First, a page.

As the Northern Illinois University football team prepares for another appearance on the national stage in the MAC Football Championship in Detroit, NIU’s leadership in academic and student initiatives is also on display this week on a national scale.
On Wednesday, we announced the findings of our Presidential Task Force on the Violence Against Women Act, which identified actionable steps for increasing awareness of the national issue of sexual assault while enhancing our approach to campus safety.
In direct response to the White House call to action on the issue, NIU is among the first in the nation to take such steps. The recommendations contained in the report will further strengthen programs for reporting and response to sexual assault that include confidential advocacy, referral and support to NIU students affected by sexual assault, dating violence, domestic violence and stalking. They also significantly expand prevention and education efforts and strengthen community partnerships.
By implementing the recommendations of the task force members, we hope to further strengthen our university culture and our approach to public safety. NIU is determined to use the task force recommendations to reinforce our commitment to a safe campus environment, where sexual assault is unacceptable and survivors are supported.
Another key White House initiative is expanding access to higher education and improving educational outcomes at the college and university levels, and again, NIU has demonstrated leadership. On Thursday, I was pleased to lead a delegation of community college, K-12 schools and workforce partners from our Regional P-20 Network to Washington, D.C. to participate via a special invitation in the White House College Opportunity Day of Action. The event brought together hundreds of education and business leaders to support students across the country to help the nation reach its goal of leading the world in college attainment.
The Northern Illinois P-20 Network was established to improve college and career success for our students through regional collaboration and consists of 26 educational institutions in northern Illinois, including NIU and eight regional community college partners, 10 school districts and seven statewide education agencies and advocacy organizations.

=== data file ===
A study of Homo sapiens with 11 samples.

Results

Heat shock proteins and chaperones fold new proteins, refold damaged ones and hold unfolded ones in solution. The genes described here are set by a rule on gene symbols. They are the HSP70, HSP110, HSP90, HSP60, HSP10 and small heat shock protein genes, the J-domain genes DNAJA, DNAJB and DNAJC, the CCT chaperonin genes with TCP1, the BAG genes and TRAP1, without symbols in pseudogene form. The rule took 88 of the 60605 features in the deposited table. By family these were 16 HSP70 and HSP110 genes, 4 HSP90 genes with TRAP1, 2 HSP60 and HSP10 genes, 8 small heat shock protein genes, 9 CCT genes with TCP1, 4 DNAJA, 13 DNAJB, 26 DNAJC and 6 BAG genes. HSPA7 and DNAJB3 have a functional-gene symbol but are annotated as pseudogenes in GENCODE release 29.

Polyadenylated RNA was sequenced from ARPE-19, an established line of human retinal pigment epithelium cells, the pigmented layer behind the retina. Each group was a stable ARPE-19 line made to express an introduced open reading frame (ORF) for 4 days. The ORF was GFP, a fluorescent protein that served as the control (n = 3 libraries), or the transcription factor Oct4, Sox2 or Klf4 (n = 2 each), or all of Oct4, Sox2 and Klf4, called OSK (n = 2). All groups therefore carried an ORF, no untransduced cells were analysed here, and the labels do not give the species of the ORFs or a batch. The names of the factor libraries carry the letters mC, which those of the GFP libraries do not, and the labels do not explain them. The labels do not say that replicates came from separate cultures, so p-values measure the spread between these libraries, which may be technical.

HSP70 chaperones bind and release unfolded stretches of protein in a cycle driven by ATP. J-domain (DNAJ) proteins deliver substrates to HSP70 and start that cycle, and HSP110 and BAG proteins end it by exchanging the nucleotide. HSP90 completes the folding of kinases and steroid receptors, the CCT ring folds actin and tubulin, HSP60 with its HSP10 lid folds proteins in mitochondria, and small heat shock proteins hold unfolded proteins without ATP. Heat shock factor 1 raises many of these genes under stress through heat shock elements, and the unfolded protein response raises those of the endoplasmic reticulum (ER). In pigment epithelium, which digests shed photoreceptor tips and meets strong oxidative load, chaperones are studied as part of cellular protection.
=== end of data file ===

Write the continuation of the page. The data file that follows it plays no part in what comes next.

Our group made six commitments to advance our goals of making a quality education more accessible in an effort to increase the proportion of Illinois adults with a postsecondary credential to 60 percent by 2025.
Given the importance of holding the line on the cost of college to the critical issue of college access, it was fitting that, on that same day, the NIU Board of Trustees approved a new NIU tuition structure that promotes value and incentivizes completion while dropping the published cost of attendance for incoming students next year.
The new structure means incoming students will pay the same tuition cost if they take 12 credit hours, 15 hours or 18 or more hours. In fact, a new student enrolled in 16 hours will pay about $200 less in tuition in fall 2015 than fall 2014. It also drops the per-credit-hour tuition cost for returning students to about $330 with a cap of tuition and fee charges at 14 credit hours.
The events over the past week demonstrate in very definitive ways that NIU is committed to affordability, retention and completion—and enabling students to learn in a safe, caring environment. Working individually on our own issues of affordability and safety while working collectively in our region and communities with other concerned partners, we can create a more favorable environment for increasing access to a high-quality education while enhancing the conditions for achieving student career success.